Trolleys and motorbikes left dumped in King’s Lynn river for ‘almost a year’
Several trolleys and motorbikes have been left dumped in the River Nar at South Lynn for almost a year, a councillor has claimed.
Alexandra Kemp, who represents South Lynn on Norfolk County Council, said she is disappointed that the waste she reported to the Environment Agency at the start of the year has still not been removed.
Miss Kemp said the fly-tipped waste is not only an eyesore, but is also affecting wildlife. She said: “I don’t think the Environment Agency have acted responsibly at all here.” But a spokeswoman for the Environment Agency said they had initially advised that it would be difficult for any party to remove the waste from the river due to a potential environmental risk.
Miss Kemp said she counted nine trolleys and two motorbikes in the River Nar in February, when she first reported the waste.
“They are just not interested, although they are a Government Agency and the river is their responsibility. This is affecting the wildlife close to the Site of Special Scientific Interest (SSSI) and the lovely Nar Valley Way,” she added.
“It’s absolutely disgraceful that the Environmental Agency finally told me last week they cannot remove the fly-tipping from the Nar because the riverbed and possibly the silt had recently been so heavily polluted by eight tar tanks from the old muck works on Saddlebow Road, that it is too dangerous to send their team in.”
Miss Kemp said she was so concerned that she contacted Anglian Water to check that the town’s water supply was not at risk of contamination.
But she said West Norfolk Council told her that the suggestion of pollution was false, although there was a low level incident during the Nar Ouse Regeneration (NORA) works a year ago which is being monitored.
“It leaves questions to be answered about the role of remote government agencies that do not carry out their responsibilities to local areas.”
Miss Kemp said she is due to meet with borough council officials this week to put together a plan for the area and its fly-tipped waste.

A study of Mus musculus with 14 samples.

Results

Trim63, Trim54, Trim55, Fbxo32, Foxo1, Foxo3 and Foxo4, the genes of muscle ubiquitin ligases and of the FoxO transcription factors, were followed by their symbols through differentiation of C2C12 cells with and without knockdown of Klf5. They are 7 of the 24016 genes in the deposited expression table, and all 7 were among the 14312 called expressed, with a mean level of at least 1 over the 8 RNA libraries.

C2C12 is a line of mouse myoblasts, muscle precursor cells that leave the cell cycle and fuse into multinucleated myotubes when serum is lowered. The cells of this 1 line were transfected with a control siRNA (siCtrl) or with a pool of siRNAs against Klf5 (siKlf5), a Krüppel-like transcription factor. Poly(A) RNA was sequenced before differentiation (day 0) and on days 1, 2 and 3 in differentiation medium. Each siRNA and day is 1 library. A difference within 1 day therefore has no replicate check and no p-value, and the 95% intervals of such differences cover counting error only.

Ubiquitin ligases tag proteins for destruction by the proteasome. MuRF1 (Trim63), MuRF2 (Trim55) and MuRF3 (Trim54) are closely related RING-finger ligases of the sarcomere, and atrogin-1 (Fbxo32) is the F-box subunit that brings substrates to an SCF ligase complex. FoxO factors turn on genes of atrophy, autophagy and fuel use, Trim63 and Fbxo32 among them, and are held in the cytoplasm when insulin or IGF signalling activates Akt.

The Environment Agency spokeswoman said: “We take a risk-based approach to undertaking works such as removing debris from a watercourse, we prioritise such works where the debris may be posing flood risk to people and property.”
If it is not posing a flood risk, the agency may not be funded for these works, she added.
“In these cases it is usually the responsibility of the riparian owner to remove debris. Our initial advice was that in this instance it would be challenging for any party to remove due to a potential environmental risk.
“However, since providing our initial advice, we have received further information which indicates that the risk should now have been mitigated.
“Once there is confirmation that risk has now been mitigated, the riparian owner should then be able to remove the debris. We will work closely with the borough council to keep them informed around this.”
A spokeswoman for West Norfolk Council said NORA, which is a brown field site contaminated from previous industrial use, had more than £8 million spent on it to decontaminate it prior to the NORA housing site being developed.
Historically, the main polluters of the land were the gas works, tar works and muck works.
She said the £8 million sum was mostly spent on digging out the contamination, which was replaced with clean material.
“Surveys indicated that the contamination from the tar and gas works had gone under the river and this residual contamination proved little or no risk to either human health or the environment,” she added.
“Councillor Kemp has indicated that the trolleys and motorbikes are located to the north of the site and are therefore outside of the area of the river where the residual contamination is present.”